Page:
Topics: Work Culture
working from home

Working from home comes with a lot of perks. But, it’s not all blissful multitasking in your jammies.

More and more people are working from home these days. The latest telecommuting statistics show that regular work at home among the non-self-employed has grown by 115 percent since 2005. Furthermore, 80 to 90 percent of workers say they would like to work from home at least some of the time.

However, the benefits of working from home are a little more immediately obvious than the downsides. But, it’s important to understand both if you’re thinking about the option. Here are a few things you might not have considered:

1. Other people don’t get it.

You will still work just as hard, and just as much as you did before, once you switch to working from home. However, other people might not really understand that. If you’re not careful, it can become almost expected that you be the one to pick up the dry cleaning and get the evening meal prepared.

Just because you work from home that doesn’t mean that you’re not working. You shouldn’t always be the one who’s asked to pick your friend up from the airport on a Tuesday afternoon just because you have flexible hours. But, when you work from home, other people don’t always seem to understand that.

2. You become your own pain-in-the-neck boss.

Whether you work for yourself or for someone else, working from home requires that you are reliably and consistently self-motivated. There’s simply no one else around to apply pressure. So, you have to do that yourself. Before you know it, you turn into your own boss — and not a very nice one at that.

3. It’s more isolating than you think.

There are a lot of benefits to having friends at work. Sure, getting away from negative coworkers sounds great. But, don’t forget you’re leaving the positive connections behind, too.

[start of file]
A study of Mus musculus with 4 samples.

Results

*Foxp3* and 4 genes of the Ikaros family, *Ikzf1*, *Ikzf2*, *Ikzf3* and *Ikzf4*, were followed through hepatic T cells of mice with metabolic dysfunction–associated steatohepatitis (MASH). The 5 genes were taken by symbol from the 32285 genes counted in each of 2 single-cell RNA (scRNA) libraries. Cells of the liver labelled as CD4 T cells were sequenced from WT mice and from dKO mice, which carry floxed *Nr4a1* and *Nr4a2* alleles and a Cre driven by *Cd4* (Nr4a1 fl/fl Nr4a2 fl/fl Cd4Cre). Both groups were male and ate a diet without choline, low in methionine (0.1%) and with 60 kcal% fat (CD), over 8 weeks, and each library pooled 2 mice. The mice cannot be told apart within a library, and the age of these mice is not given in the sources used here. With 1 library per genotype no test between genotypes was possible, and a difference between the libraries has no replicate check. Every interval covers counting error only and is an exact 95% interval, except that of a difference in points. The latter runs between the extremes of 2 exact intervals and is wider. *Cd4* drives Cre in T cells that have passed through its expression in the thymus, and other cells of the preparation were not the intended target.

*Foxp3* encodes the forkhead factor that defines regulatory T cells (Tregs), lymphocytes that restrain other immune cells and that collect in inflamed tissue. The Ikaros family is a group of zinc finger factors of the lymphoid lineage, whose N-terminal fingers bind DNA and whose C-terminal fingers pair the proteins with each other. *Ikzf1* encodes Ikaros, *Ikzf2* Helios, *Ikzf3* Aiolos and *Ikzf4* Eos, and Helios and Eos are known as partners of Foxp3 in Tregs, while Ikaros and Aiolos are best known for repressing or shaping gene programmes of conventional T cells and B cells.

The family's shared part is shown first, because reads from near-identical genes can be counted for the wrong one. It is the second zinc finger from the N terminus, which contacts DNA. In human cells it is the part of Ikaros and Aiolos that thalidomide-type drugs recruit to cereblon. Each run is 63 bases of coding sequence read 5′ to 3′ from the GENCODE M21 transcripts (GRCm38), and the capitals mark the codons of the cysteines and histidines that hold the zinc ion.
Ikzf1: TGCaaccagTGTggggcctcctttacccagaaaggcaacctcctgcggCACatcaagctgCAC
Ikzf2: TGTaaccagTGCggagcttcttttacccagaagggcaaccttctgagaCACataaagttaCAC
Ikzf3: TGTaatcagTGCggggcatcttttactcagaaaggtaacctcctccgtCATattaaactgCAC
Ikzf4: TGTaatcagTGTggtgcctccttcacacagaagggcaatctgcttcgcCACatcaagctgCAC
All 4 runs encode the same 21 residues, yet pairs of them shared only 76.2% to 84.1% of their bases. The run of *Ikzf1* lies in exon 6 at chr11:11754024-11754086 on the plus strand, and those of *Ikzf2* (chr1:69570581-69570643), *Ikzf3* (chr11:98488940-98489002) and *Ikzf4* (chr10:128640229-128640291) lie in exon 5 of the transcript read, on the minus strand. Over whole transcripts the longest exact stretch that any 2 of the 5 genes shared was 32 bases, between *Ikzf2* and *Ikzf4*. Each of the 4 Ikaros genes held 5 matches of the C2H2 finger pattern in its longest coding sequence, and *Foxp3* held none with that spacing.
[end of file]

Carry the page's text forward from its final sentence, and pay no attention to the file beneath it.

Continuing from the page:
4. Communication is extra difficult.

You know how hard it is to get everyone on a team on the same page when you have a meeting at the office? Well, it’s exponentially more difficult when trying to communicate as a remote worker.

There are additional communication and collaboration challenges that come with the territory of working from home. And, they can be frustrating and time-consuming to navigate. Sometimes, when people telecommute, they forget to share important information. This challenge is only exacerbated if you work with people in different time zones.

“Information can get trapped in silos,” Todd Horton, who runs a software company, tells Inc. “If the European team gains an insight and doesn’t share it quickly, the others will never know something happened.”

Remember that just because you are going to be working from home doesn’t mean that you get to make all the decisions. Also, prepare yourself for the fact that communicating with people you need to work with will be a little more difficult.

5. You’re always at work.

Here’s the thing about working from home – it’s constant. There’s just something about having your work and your life in the same space. It takes your commitment to a whole other level.

Even if you used to bring work home a lot, expect this to feel different. It’s just so easy to keep working, or to start working, or to put in “just a few more minutes.”

You might even find yourself working when you planned to relax, like in the evenings or on weekends. Before you know it, you can’t remember the last time you had a day off. The daily reality is that when your home is your office, you’re always at work. So, make sure that’s really what you want before signing up.